The Zimbabwe Defence Forces (ZDF) has been challenged to take advantage of the National University of Science and Technology (Nust)’s Genetic Testing Centre (AGTC) by creating a genetic database for its members.
Speaking at the commissioning of the centre in Bulawayo Friday, the institution’s Director Zephaniah Dlamini said the genetic database will help the army to identify troops who would have died while in action.
In 1998, Zimbabwe deployed thousands of soldiers to DRC to assist the then Laurent Kabila led government suppress a Hutu led armed insurgency that was threatening to overrun Kinshasa and overthrow the now late leader.
Similarly, in the early 1980s, Zimbabwe also dispatched troops to neighbouring Mozambique to subdue banditry activities perpetrated by the Mozambican National Resistance (RENAMO) against civilians.
In both operations, Zimbabwe lost a significant number of servicemen and military hardware while in combat.
Some of the dead were buried in mass graves in the neighbouring countries while some had their remains repatriated.
“We envisaged that our uniformed forces will take advantage of this technological advancement which is now within their reach and create a database of their members’ DNA fingerprints for ease of identification in case they die in action as the norm the world over.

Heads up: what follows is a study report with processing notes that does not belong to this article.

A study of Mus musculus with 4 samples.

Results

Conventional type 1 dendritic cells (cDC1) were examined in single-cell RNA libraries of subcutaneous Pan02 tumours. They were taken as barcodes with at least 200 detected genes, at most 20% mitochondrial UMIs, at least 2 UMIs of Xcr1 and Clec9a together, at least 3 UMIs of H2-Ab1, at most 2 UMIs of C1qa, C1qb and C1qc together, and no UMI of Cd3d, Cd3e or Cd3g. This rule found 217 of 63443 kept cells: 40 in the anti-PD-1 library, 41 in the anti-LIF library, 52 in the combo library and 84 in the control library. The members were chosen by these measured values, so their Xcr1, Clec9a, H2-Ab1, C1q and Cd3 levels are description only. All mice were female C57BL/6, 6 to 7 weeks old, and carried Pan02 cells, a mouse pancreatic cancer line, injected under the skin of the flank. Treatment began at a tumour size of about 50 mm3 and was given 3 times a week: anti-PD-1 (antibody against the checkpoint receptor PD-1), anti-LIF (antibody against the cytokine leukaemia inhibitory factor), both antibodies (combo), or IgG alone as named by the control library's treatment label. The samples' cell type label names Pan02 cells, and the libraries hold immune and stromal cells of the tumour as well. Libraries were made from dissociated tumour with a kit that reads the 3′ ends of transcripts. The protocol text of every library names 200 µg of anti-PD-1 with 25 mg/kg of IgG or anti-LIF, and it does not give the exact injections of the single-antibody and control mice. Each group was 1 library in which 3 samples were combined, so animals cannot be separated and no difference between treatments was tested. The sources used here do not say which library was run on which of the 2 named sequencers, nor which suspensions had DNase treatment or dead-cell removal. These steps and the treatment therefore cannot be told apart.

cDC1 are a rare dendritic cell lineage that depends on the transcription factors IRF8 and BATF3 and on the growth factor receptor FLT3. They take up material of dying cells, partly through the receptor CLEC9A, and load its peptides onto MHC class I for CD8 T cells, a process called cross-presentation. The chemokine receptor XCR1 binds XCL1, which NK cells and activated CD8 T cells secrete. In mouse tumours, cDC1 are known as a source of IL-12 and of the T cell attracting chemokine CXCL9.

“Gone are days of having tombs of the unknown soldiers. We are now equipped to identify any remains of our service personnel,” said Dlamini.
He also revealed that AGTC is also planning to extend its services to the Zimbabwe Parks and Wildlife Management Authority (Zimparks).
“We are negotiating with Zimparks to train their personnel in DNA testing technologies for endangered species such as Rhinos, pangolins and elephants.
“We will help develop databases which will be used to establish the identity and origin of poached animals,” said Dlamini.
The Director also urged the Public Service Commission (PSC) to take advantage of the same facility to create a DNA database for employees so as to flush out ghost workers.
AGTC was set up in August 2017 with the aim of making technology of genetics affordable to the public.
Prior to the setting up of the facility, Zimbabweans seeking paternity testing would travel as far as South Africa and the United Kingdom seeking such services.
More than 2 000 paternity tests have been conducted at the centre since its establishment.